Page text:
The thought of attendance records takes everybody back to their old days at school. It’s a reminder of calling in sick pretending to be your mother and worrying about the homework you’d have to make up. But for Rachel Wright, her son, JJ, and their family, an attendance record means something entirely different.
So when JJ, 10, received a perfect attendance award from his school, Wright sat her son down to explain the situation to him, and then she threw the award out.
“We talked about how all the other children must have felt who missed out because they were sick,” she told TODAY.
She wrote a viral Facebook post explaining her decision. Because for Wright, who is also the mother of Sam, 11, a child with cerebral palsy, awards like these are not just about the fun prize it comes with, but rather the implications.
Not all children can be “lucky” enough to go to school everyday.
When JJ was able to make it to school everyday, Wright chalked that up to luck in her post.
As she wrote, “He’s lucky to have not developed a fever, had an accident or live with a chronic illness.”
The mention of “chronic illness” speaks most directly to Sam and the experience Wright has had caring for him. Children with conditions like these will never be able to receive a perfect attendance record because of a situation entirely out of their hands, not a conscious choice that they’ve made. Wright said this award sends a negative message to those children who can’t help their condition.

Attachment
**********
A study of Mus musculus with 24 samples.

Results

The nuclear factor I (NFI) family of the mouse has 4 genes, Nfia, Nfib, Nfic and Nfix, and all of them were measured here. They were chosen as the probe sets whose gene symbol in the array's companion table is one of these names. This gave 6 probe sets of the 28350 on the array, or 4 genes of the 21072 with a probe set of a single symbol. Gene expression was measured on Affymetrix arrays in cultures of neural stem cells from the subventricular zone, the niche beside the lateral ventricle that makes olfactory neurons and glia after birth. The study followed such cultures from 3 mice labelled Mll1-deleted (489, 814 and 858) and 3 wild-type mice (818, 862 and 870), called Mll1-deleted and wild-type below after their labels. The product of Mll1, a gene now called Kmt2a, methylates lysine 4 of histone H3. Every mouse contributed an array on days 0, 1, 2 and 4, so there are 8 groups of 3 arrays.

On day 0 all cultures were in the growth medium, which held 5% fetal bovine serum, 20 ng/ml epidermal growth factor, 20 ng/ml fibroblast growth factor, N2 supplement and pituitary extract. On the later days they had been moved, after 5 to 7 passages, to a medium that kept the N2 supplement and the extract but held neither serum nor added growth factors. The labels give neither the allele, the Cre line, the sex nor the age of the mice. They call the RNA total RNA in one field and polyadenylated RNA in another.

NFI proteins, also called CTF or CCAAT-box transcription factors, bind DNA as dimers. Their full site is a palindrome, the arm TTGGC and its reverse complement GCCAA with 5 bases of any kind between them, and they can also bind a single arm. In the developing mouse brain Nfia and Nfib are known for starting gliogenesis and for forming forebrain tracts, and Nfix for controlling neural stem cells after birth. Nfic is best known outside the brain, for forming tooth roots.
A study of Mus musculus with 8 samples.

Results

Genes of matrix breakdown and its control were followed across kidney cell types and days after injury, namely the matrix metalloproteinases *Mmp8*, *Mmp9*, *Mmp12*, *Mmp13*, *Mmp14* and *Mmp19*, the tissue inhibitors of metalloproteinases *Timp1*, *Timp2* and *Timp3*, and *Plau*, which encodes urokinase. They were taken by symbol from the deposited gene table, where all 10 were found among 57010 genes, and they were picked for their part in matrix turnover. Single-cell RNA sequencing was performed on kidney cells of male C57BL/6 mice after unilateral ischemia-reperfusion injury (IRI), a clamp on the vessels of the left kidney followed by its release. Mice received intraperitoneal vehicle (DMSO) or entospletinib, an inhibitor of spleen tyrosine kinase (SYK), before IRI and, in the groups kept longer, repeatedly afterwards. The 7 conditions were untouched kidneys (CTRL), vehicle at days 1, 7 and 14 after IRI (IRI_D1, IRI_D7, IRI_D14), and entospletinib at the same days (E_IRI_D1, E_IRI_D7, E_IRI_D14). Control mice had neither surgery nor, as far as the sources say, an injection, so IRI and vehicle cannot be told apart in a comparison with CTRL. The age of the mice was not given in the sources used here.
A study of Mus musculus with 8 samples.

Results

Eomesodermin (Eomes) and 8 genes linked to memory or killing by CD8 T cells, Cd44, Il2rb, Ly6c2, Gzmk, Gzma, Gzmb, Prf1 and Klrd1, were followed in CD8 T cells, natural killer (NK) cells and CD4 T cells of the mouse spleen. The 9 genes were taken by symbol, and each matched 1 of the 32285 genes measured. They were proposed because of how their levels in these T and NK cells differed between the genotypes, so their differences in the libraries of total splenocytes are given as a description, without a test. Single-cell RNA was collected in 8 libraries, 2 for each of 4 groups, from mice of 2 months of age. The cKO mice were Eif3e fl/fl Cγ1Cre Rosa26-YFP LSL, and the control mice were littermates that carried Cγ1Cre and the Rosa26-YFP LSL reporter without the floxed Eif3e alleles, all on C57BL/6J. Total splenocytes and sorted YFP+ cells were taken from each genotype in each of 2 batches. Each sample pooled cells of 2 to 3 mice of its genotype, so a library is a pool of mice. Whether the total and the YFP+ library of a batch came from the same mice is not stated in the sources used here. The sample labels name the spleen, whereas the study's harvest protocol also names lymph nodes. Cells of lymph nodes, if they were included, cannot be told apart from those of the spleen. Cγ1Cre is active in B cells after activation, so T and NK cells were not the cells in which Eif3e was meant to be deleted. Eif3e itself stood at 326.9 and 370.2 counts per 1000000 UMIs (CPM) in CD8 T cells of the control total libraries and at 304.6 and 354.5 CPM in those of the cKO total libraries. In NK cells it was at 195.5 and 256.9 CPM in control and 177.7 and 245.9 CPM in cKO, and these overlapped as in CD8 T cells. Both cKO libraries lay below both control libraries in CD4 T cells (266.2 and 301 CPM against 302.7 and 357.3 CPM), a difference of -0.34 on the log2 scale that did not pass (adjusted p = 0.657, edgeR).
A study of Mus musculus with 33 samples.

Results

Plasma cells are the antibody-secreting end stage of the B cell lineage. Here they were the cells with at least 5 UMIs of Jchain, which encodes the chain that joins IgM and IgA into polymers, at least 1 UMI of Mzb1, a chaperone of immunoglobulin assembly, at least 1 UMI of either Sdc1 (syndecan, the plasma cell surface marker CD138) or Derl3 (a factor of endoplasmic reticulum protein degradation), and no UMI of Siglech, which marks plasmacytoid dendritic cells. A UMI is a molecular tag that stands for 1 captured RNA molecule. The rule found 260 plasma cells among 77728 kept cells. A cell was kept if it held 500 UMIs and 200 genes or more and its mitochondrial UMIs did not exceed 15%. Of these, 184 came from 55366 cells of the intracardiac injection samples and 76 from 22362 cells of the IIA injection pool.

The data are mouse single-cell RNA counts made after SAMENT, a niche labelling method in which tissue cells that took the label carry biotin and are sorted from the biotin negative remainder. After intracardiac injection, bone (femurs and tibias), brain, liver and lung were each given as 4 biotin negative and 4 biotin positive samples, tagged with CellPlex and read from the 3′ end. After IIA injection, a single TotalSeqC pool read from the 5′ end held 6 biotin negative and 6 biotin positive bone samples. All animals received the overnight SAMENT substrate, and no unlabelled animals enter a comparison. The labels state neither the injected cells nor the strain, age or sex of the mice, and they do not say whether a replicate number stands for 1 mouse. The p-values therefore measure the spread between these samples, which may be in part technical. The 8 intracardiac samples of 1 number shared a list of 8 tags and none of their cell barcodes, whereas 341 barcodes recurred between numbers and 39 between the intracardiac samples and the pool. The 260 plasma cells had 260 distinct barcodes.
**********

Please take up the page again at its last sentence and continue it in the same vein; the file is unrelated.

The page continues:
“Can you imagine a work place that at the end of each week marked out all the people who hadn’t been sick?” wrote Wright. “Where all the departments with the least number of people off were rewarded – in front of everyone else? It happens in schools all the time.”
She wants to start a discussion about the issue at hand.
The response to her post has been mixed. While many praise her for speaking out about this award system, some also have raised points about needing to encourage attendance through incentives like awards. For Wright, however, all points are welcome.
She told ABC News, “I was trying to spark a conversation about what 100 percent attendance teaches our children about health, values and those who suffer long term conditions.”
In her eyes, these awards value health and fortitude, but for some, these characteristics just aren’t a plausible reality. It’s a concept that many have struggled with, and because of this, Wright believes that she has “touched a nerve.”
“What on earth are we teaching our kids about value and worth?” asked Wright. “What are we teaching them about looking out for each other and looking after the sick or disabled in our community?”
She believes that children shouldn’t be awarded or shamed for attendance based on circumstances beyond their control.
“For all those children who have chronic conditions or are disabled, this award is beyond their reach no matter how dedicated or determined they are,” Wright told TODAY. “I think we can be better than this.”